It's not the way we're used to hearing George Mitchell described. Usually the 60-year-old Senate majority leader is described as a quiet man; a patient man; a man possessed of a judicial temperament.
So brace yourself. In fact, you'd better sit down at the kitchen table for this one. The announcement that the mild-mannered former altar boy is engaged to 35-year-old tennis manager Heather MacLachlan who, judging from her photo, is a knockout, is shaking up that old image of Senator Mitchell.
It is said that Senator Mitchell and the Canadian-born Ms. MacLachlan met only last September at the U.S. Open in New York. The attraction is said to have been instant.
His fiancee, by the way, is the ex-girlfriend of former tennis pro Ion Tiriac -- a flamboyant Romanian whose menacing presence, says NBC-TV tennis commentator Bud Collins, earned Mr. Tiriac the nickname "Count Dracula."
"He's a very tough guy," says Mr. Collins of Mr. Tiriac, now a successful sports promoter. "He used to like to meet you and bump heads with you -- which was very painful. He also used to eat champagne goblets as a party trick." George Mitchell, by contrast, just turned down an opportunity to sit on the Supreme Court.
Mr. Collins, who knows Ms. MacLachlan, says he was caught off-guard by the news of her engagement. "I didn't realize she'd become entwined with George Mitchell -- who, I am told, fancies himself the tennis player. It's kind of amusing," he says, chuckling. "And totally out of context for Heather."
Which raises the question: What the heck is going on here? To which the answer is: a probable outbreak of the Mild-Mannered Guys With Hot-Ticket Wives Syndrome.
It's Julia Roberts and Lyle Lovett all over again. Ditto Marilyn Monroe and Arthur Miller. Not to mention Elizabeth Taylor and Michael Wilding. Or Elizabeth Taylor and Eddie Fisher. Or Elizabeth Taylor and Sen. John Warner.
Or even Tonya Harding and Rush Limbaugh. (Just kidding. Hope no one fainted.)
At this point, perhaps a little background would help.
Historians who have studied the Mild-Mannered Guys With Hot-Ticket Wives Syndrome trace it back to: Ginger Rogers and Fred Astaire.
Although Ms. Rogers and Mr. Astaire were not married to each other, they nonetheless embodied the symbiotic nature of a relationship between a glamorous woman and a nerdy-looking guy. (Note to reader: Please, no letters decrying the description of Mr. Astaire as nerdy-looking. Such a look is found most attractive by some women. Which, in case you're not paying attention, is the whole point of this article.)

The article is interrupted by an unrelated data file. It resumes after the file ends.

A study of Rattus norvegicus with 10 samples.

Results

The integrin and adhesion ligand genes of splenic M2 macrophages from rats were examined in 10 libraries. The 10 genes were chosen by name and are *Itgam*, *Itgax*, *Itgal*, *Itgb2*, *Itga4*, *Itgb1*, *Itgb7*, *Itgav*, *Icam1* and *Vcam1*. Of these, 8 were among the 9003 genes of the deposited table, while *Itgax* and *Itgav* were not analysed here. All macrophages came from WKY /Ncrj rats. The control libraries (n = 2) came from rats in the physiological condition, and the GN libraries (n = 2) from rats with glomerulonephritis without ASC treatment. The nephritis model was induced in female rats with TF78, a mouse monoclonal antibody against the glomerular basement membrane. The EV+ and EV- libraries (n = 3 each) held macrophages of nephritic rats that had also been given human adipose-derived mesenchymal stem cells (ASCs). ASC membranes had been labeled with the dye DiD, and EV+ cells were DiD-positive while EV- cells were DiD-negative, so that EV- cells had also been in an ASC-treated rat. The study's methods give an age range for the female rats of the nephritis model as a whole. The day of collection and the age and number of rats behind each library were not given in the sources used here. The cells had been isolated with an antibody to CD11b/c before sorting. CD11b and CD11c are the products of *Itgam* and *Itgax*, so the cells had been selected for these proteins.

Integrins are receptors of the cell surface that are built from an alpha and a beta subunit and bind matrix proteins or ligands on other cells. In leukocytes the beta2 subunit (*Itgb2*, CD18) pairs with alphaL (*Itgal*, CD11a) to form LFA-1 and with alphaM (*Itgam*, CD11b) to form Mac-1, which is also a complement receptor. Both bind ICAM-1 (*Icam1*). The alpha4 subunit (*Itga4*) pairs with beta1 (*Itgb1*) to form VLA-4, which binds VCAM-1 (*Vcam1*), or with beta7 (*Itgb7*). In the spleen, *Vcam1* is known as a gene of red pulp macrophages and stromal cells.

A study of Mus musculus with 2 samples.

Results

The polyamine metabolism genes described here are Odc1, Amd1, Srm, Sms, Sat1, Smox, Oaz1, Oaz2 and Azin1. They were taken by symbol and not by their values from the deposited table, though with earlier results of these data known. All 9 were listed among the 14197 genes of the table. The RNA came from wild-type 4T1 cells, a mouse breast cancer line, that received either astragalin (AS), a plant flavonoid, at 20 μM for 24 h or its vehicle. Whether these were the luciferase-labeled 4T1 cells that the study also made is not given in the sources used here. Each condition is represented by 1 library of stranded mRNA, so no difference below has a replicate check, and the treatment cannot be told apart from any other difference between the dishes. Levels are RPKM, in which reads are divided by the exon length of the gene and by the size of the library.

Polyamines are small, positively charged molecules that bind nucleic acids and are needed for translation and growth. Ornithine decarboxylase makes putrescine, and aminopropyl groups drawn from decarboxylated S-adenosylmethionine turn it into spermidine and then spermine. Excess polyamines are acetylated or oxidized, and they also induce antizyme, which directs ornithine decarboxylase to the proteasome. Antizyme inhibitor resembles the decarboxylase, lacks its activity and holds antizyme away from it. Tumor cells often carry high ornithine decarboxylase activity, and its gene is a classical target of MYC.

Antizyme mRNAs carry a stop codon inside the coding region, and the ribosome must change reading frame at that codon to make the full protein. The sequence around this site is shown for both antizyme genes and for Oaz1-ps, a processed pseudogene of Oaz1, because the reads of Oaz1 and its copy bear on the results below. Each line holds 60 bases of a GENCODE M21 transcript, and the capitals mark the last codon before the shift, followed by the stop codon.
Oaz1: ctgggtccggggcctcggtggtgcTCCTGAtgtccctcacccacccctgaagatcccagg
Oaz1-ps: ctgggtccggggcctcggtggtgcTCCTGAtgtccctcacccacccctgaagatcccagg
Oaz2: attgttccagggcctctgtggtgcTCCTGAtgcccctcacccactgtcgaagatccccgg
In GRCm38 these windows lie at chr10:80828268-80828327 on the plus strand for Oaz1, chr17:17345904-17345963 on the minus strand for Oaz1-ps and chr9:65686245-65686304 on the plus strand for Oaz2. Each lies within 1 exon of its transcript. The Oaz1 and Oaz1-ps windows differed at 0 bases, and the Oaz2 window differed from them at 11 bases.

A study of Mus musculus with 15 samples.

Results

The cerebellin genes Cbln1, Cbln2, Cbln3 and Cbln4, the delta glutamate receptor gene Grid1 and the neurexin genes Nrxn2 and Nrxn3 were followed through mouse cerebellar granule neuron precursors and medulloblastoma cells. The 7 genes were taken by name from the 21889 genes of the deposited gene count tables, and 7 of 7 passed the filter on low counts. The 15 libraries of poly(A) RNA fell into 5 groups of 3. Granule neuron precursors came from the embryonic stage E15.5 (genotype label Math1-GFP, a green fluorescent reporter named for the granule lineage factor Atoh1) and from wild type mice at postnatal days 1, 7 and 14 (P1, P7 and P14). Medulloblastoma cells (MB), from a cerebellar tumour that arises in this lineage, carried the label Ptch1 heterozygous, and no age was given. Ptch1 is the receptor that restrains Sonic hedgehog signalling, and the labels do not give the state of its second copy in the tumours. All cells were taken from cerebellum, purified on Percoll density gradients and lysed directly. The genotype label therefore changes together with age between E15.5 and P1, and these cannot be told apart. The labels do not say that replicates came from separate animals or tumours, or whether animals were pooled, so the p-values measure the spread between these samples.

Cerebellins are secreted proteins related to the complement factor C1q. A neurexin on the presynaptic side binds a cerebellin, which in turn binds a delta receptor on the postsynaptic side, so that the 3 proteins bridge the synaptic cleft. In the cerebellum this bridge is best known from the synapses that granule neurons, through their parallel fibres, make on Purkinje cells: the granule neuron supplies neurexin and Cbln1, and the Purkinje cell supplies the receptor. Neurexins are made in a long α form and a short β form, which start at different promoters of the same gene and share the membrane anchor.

But it fell to Katharine Hepburn, that astute observer of human nature, to explain the phenomenon of Ginger and Fred: "He gives her class and she gives him sex."
Which brings us back to mild-mannered George Mitchell and his choice of partner. In this case, it falls to Sally Quinn -- novelist, former Washington Post reporter and the consummate Washington insider -- to explain the phenomenon of George and Heather. She approaches it from a psychological standpoint. "I guess the shrinks would call it 'splitting,' " Ms. Quinn says, referring to a marriage in which one partner owns the nice side of the relationship and the other the wilder side.
"In the case of George Mitchell, he's always described as a nice, quiet guy; but inside is this wild and crazy guy dying to come out. He's chosen someone who can act it out for him. She's probably gone for him for the opposite reason."
Oh, yes, and then there's that age thing. "Let us not ignore the 25-year age difference," adds Ms. Quinn.
"She is 35, and for a 60-year-old guy, that's got to be very attractive. It kind of shoots down all these theories that noble George Mitchell is passing up the Supreme Court to get Clinton's health plan through the Senate. I think what it means is that George Mitchell wants a little action before he dies."
Ms. Quinn then poses a deeply philosophical question: "If you had the choice of living a bachelor's life at age 60 and making, what, $100,000 in the Supreme Court for the rest of your life or marrying some 35-year-old hot potato and making a million-five a year as baseball commissioner, which would you choose?"
Another insider, Washingtonian magazine editor Diana McLellan, reads the Mitchell-MacLachlan engagement in a similar way.
Calling the announcement "absolutely flabbergasting," she says: "I think it's a hormonal Last Hurrah. It's just something that these guys do when their blood is suddenly stirred. Look at George Will. Remember when he dropped his wife and hopped aboard with somebody else?"
Not really. But that's another story.
And speaking of other stories, what's next? Or to be more precise, who's next in the Mild-Mannered Guys With Hot-Ticket Wives Sweepstakes? Shannen Doherty and Alan Greenspan?